Some States Take a Closer Look at Noncompete Pacts

New York Times writer Steve Lohr reported this week that, “In today’s on-your-own economy, workers are urged to be entrepreneurial job hoppers, constantly adapting and searching for the next opportunity.

“But an estimated 30 million Americans — nearly one fifth of the nation’s work force — are hobbled by so-called noncompete agreements, fine print in their employment contracts that keeps them from working for corporate rivals in their next job.”

Mr. Lohr explained that, “Now a number of states are looking to untangle workers from these agreements. The Massachusetts House of Representatives is scheduled to vote this week on a noncompete reform bill. The state is also the location of a union organizing campaign on the noncompete practices of the EMC Corporation, a large technology company based in Hopkinton, Mass., that is known for its aggressive application of these employment contracts.

“Other states are also taking steps as noncompete agreements have spread to summer interns and sandwich shop employees. Hawaii banned noncompete agreements for technology jobs last year, while New Mexico passed a law prohibiting noncompetes for health care workers. And Oregon and Utah have limited the duration of noncompete arrangements.”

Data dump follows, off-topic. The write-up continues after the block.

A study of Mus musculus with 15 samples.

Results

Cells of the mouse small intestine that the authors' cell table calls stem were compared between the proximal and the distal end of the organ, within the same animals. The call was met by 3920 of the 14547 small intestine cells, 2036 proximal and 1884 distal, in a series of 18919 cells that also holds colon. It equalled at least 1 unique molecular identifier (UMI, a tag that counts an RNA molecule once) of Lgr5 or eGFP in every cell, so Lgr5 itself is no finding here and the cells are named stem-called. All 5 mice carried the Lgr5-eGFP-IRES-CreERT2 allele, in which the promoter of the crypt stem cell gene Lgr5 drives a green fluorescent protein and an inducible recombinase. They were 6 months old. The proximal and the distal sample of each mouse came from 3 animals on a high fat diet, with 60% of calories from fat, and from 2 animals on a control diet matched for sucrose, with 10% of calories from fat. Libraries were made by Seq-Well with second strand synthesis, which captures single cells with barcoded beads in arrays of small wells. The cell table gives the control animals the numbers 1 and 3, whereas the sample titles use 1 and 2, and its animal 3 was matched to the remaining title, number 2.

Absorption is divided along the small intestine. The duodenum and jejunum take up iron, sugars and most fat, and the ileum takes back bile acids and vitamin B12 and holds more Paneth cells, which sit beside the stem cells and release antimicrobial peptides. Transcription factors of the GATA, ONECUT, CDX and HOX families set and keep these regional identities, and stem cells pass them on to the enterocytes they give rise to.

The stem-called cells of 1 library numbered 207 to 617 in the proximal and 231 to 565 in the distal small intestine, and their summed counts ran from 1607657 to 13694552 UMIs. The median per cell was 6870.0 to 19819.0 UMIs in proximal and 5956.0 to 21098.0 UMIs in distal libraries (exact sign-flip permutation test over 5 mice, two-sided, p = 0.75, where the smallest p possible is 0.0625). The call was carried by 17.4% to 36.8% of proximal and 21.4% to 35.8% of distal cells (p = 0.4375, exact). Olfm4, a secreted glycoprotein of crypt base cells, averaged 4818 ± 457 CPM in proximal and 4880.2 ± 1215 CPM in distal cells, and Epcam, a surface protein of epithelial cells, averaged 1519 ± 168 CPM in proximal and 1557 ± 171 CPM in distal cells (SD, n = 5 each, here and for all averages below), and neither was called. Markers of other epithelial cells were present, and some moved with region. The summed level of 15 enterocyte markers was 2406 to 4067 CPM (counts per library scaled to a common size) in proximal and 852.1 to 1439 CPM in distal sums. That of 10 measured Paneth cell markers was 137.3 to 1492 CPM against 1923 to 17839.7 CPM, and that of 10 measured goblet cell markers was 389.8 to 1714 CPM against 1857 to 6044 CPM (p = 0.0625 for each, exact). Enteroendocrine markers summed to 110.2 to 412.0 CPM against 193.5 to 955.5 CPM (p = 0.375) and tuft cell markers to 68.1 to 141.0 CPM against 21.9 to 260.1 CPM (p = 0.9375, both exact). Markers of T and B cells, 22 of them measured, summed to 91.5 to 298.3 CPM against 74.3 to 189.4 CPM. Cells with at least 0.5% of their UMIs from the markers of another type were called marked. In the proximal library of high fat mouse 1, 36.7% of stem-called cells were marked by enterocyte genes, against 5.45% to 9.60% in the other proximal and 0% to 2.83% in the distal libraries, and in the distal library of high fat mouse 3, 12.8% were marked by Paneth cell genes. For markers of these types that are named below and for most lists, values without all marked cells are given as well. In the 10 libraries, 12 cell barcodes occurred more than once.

Beyond the states, the Times article pointed out that, “At the federal level, the White House published a report on noncompete contracts in May that concluded ‘noncompetes can impose substantial costs on workers, consumers and the economy more generally.’ The Treasury Department also issued a report this year criticizing the excessive use of the contracts.”

More broadly, Mr. Lohr stated that, “Noncompete arrangements, proponents say, can protect valuable trade secrets and motivate employers to invest in worker training because employees are less likely to leave.

But recent research underlines the effects of noncompete agreements on engineers and scientists in technology businesses, where more than one-third of the employees are covered by them. Technical workers in Massachusetts would be paid about 7 percent more if the state’s noncompete practices mirrored California’s, said Evan Starr, an economist at the University of Maryland’s Robert H. Smith School of Business.

“Job mobility is reduced, according to other research, and workers are more likely to detour from their original career paths. Sometimes companies sue departing employees, but those cases are the exception.”